The Obama administration is planning to unveil on Thursday the findings of a swift review of its procedures for placing potential terrorists on a federal watch list after the failed Christmas Day attack exposed continuing gaps in the process.

Airplanes line up as they await their turn to take off at Newark International Airport in New Jersey, February, 2008.

The U.S. government's system of maintaining multiple watch lists has drawn new scrutiny after President Obama admitted that spy agencies had collected, but failed to connect, pieces of information that should have led authorities to pay greater attention to Umar Farouk Abdulmutallab, the Nigerian student who allegedly tried to blow up Northwest Flight 253.

"While our review has found that our watch-listing system is not broken, the failure to add Abdulmutallab to the "no-fly" list shows that this system needs to be strengthened," Obama said Tuesday. The president has already ordered some changes in how the watch lists are coordinated and more are expected.

By design, the government has placed different agencies in charge of several separate databases and watch lists, deliberately splitting responsibility between the intelligence community and law enforcement agencies.

The process starts on the intelligence-gathering side, where a tremendous flood of information pours into the National Counterterrorism Center, a clearinghouse agency created after the Sept. 11, 2001, attacks and run by the Director of National Intelligence.

Thousands Of New Names Daily

Each day, the NCTC receives leads on many thousands of individuals who may be associated in some fashion with terrorism. The names come in via more than 30 different government agencies and networks. Some might be reported by clandestine CIA officers overseas or by FBI agents. Others might be picked up from telephone calls or e-mails intercepted overseas by the National Security Agency.

In the Abdulmutallab case, the U.S. embassy in Nigeria received a warning about the Nigerian student from his father and sent the information to the NCTC. But nobody at the State Department or the NCTC ran the name against consular lists, where they would have discovered that Abdulmutallab held a U.S. visa.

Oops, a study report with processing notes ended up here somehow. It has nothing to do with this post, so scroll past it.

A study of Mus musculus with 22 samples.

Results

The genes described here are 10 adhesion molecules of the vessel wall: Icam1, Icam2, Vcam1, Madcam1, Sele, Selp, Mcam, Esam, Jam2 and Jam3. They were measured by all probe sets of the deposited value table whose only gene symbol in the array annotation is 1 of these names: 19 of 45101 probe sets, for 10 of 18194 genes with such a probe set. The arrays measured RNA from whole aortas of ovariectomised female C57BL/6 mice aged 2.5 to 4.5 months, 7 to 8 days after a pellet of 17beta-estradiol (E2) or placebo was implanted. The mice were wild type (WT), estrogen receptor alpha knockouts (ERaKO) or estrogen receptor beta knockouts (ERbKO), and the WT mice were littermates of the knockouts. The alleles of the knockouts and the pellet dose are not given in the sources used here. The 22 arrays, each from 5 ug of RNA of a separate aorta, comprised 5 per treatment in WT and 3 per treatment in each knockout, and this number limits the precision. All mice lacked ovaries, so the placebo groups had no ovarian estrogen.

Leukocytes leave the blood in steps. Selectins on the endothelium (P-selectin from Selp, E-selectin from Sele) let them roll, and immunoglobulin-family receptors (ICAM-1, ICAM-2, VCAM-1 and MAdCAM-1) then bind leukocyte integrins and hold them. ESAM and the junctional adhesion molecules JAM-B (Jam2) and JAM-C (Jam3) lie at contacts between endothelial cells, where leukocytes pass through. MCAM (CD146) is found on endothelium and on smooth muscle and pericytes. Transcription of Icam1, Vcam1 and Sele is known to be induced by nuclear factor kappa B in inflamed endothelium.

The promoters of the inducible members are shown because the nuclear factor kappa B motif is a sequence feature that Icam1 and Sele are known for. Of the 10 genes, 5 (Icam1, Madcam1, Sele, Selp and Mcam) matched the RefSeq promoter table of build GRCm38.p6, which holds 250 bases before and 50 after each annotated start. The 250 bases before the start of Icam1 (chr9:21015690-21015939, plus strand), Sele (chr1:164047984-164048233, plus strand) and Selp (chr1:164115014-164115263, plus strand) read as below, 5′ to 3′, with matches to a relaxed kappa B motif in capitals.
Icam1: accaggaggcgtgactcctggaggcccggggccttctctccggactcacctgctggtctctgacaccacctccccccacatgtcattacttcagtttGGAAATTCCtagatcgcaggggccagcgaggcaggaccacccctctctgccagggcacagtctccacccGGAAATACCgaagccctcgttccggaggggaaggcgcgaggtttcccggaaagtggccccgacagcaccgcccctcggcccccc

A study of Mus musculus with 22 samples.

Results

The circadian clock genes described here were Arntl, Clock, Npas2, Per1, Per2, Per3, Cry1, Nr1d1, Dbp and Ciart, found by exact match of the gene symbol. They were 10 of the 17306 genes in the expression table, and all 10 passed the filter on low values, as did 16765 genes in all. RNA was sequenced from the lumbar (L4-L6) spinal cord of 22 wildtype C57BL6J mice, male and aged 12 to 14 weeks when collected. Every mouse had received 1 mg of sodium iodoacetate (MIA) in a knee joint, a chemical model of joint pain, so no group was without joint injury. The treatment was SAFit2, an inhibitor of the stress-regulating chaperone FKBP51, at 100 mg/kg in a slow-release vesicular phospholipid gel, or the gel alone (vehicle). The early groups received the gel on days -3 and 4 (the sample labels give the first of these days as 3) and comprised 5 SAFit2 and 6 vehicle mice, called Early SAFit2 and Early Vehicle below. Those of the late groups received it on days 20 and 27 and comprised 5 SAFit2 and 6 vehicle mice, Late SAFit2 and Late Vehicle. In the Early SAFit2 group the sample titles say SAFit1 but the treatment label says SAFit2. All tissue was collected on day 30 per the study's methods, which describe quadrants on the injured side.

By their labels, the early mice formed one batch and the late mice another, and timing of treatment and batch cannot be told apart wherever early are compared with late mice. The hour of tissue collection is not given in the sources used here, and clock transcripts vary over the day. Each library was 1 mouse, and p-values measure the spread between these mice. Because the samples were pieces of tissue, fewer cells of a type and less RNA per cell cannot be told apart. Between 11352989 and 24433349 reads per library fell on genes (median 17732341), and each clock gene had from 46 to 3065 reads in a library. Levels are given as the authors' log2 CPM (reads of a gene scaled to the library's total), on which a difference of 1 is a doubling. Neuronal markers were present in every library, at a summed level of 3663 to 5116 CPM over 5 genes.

Part of the problem is sheer volume. At the NCTC, a staff that numbers only in the dozens must process these thousands of names daily and decide when there is enough information to place them into the Terrorist Identities Datamart Environment. TIDE is the central repository for all intelligence on possible terrorists.

"The challenge here is to sort out from the noise what is worth paying closer attention to," says one official familiar with the process.

Currently, there are some 550,000 individuals listed in TIDE database, although the information is rarely complete and the terrorist connections may turn out to be insignificant.

In response to the Abdulmutallab episode, Obama already ordered some changes, such as requiring the State Department to include current visa information in its reporting on possible terrorist connections.

Which Names Are Worthy Of Attention?

But the compilation of the NCTC's database is only the first step of the process. Next, analysts at the NCTC and other agencies nominate people on the TIDE list every evening to be added to the Terrorist Screening Database. The TSDB, which is the official terrorism watch list, is run by the Terrorist Screening Center, housed at the FBI. Law enforcement officials there decide whether there is a "reasonable suspicion" each person nominated by the NCTC might have terrorist ties.

"Mere guesses or inarticulate 'hunches' are not enough to constitute reasonable suspicion," Timothy Healy, the director for the Terrorist Screening Center, told Congress last month to explain the legal standard.

The terrorism watch list, which currently has more than 400,000 names on it, can be accessed by domestic law enforcement agencies, as well as the intelligence community and the State Department.

But for the vast majority of those 400,000 names, no overt actions will be taken. When customs officers, local police officers or consular officers encounter one of these individuals, they report it the Terrorist Screening Center, which receives about 150 such calls each day.

"All positive matches, which are approximately 30 to 40 percent of all reported encounters, are forwarded to the FBI's Counterterrorism Division for an appropriate law enforcement response," Healy told Congress. "The response could range from arresting the subject, if there is an outstanding federal warrant, to merely gathering additional intelligence information about the subject."

Many Suspicious Names, Multiple Lists

All the other government watch lists, including the "no-fly" list, are drawn from the broad TSDB. But the criteria for the others are significantly more stringent, including a very clear connection to terrorism.

When it comes to air travel, for example, there are at least two lists run by the Terrorist Screening Center that the officials at the Transportation Security Administration consult. One, called the "selectee list," includes about 14,000 names of people who are allowed to fly, but will be subjected to mandatory secondary screening.

The no-fly list is even more elite, containing a mere 4,000 names. To make this list, authorities at the Terrorist Screening Center need to have a "reasonable suspicion" that a suspect poses a serious, terrorist-related threat to air travel.

After the Abdulmutallab episode, officials went back and reviewed these more selective lists, adding at least dozens of additional terrorist suspects to the no-fly list.

"This was not a failure to collect intelligence," Obama said on Tuesday. "It was a failure to integrate and understand the intelligence that we already had."